Small-time Wind Energy – Too Good to be True?


The EcoGeek reviewer watched Honeywell’s promotional video, which describes the six-foot-wide turbine as being able to generate more than 1,500 kilowatts per year, meet 30 percent of consumers’ energy needs (when run in conjunction with a fluorescent light bulb, which comes with the turbine), and pay for itself in one to three years (in many states). The turbine costs $4,500.

The EcoGeek reviewer’s beef with Honeywell’s claims was, primarily, that the promo video did not qualify its figures. It should have mentioned, for example, that it its definition of the “average household’s energy consumption” as being 10- to 11,000 kilowatts per year – lower, the EcoGeek reviewer believes, than the energy consumption of households most likely to purchase the turbine. Moreover, with an initial investment of $4,500, and an anticipated electricity cost of 12 cents per kilowatt in 2010, how can the turbine pay for itself in just three years? (At 12 cents per kilowatt and, say, 1,580 kilowatts per year, the turbine would only produce $189.60 in electricity per year – a rate at which it would take consumers 23 years to pay off the $4,500.)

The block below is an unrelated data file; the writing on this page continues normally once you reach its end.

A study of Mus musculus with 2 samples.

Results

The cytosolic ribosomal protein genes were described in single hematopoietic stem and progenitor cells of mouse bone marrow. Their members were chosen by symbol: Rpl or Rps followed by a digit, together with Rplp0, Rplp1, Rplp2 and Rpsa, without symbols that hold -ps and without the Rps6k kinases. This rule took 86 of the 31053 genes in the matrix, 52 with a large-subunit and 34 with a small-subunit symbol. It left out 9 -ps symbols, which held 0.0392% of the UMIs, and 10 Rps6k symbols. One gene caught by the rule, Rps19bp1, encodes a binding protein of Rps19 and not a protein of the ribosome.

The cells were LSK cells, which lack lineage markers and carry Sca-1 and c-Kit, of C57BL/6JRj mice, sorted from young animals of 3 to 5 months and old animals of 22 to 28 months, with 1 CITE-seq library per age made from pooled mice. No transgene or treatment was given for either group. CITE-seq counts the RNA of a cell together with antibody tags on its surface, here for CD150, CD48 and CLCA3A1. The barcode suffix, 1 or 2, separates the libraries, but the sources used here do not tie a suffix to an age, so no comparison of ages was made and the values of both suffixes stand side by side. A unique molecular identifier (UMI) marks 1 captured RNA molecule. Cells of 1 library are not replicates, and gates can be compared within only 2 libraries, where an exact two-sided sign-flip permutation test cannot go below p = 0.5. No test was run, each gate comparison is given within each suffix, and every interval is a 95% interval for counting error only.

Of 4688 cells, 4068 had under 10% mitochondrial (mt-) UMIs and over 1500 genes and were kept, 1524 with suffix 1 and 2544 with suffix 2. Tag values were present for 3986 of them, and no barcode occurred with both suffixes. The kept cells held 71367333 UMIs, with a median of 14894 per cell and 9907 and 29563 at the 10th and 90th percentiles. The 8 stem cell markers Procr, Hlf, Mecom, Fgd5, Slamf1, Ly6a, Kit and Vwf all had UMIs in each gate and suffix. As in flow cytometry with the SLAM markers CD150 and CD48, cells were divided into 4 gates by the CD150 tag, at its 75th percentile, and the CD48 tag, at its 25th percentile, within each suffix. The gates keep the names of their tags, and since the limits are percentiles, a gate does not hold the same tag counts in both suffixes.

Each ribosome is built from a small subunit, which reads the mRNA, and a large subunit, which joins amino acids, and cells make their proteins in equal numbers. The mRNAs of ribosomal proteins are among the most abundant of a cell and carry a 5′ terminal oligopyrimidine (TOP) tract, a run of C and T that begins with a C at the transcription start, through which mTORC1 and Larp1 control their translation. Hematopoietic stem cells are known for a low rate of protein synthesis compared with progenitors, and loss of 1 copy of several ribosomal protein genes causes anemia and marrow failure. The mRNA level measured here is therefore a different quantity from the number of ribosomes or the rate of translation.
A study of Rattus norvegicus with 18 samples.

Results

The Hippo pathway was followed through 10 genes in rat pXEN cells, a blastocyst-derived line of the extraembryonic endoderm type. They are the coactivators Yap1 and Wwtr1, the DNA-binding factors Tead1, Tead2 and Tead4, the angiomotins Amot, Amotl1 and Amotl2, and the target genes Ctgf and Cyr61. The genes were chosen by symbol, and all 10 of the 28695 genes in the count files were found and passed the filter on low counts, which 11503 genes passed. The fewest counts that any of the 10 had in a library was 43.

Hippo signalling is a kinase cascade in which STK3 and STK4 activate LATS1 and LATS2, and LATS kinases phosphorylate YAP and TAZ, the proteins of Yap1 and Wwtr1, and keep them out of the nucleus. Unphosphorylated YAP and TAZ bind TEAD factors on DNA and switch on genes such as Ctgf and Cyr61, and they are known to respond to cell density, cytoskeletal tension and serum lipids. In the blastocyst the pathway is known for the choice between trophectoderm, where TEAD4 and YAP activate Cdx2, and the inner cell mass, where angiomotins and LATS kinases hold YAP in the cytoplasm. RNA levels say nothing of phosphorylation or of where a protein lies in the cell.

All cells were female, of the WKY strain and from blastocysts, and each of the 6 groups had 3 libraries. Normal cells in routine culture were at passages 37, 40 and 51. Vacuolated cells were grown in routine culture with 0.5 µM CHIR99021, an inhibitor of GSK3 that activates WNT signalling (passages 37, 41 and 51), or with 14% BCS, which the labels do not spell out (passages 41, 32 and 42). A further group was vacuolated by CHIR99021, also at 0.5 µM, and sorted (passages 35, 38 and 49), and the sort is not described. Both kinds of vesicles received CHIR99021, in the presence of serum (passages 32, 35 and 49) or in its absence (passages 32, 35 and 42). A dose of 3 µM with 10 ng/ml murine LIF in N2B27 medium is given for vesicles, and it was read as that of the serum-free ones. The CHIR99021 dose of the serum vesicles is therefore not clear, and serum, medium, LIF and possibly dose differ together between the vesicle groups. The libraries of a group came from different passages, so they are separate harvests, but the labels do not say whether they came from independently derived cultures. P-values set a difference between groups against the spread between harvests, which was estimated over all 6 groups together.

The reviewer goes on to imply that emerging “everyday Joe” renewable energy sources may just be fads, comparable to those of the computer industry in the early 90’s (consumers plopped down money for the latest, greatest technology, which turned out to be obsolete). This conclusion is understandable, given his take on the Honeywell turbine. Let’s just hope that the wind energy industry will be similar to the computer industry in other ways: able to make progress as technology improves, to become a household name, and, ultimately, to secure a lasting place in the renewable energy industry worldwide.

Sarah Harper is a professional writer based in San Francisco, California. Her interests include sustainability, government policy, and international politics. In her free time, Sarah enjoys toying with the idea of holistic health, overanalysis, and plotting world exploration.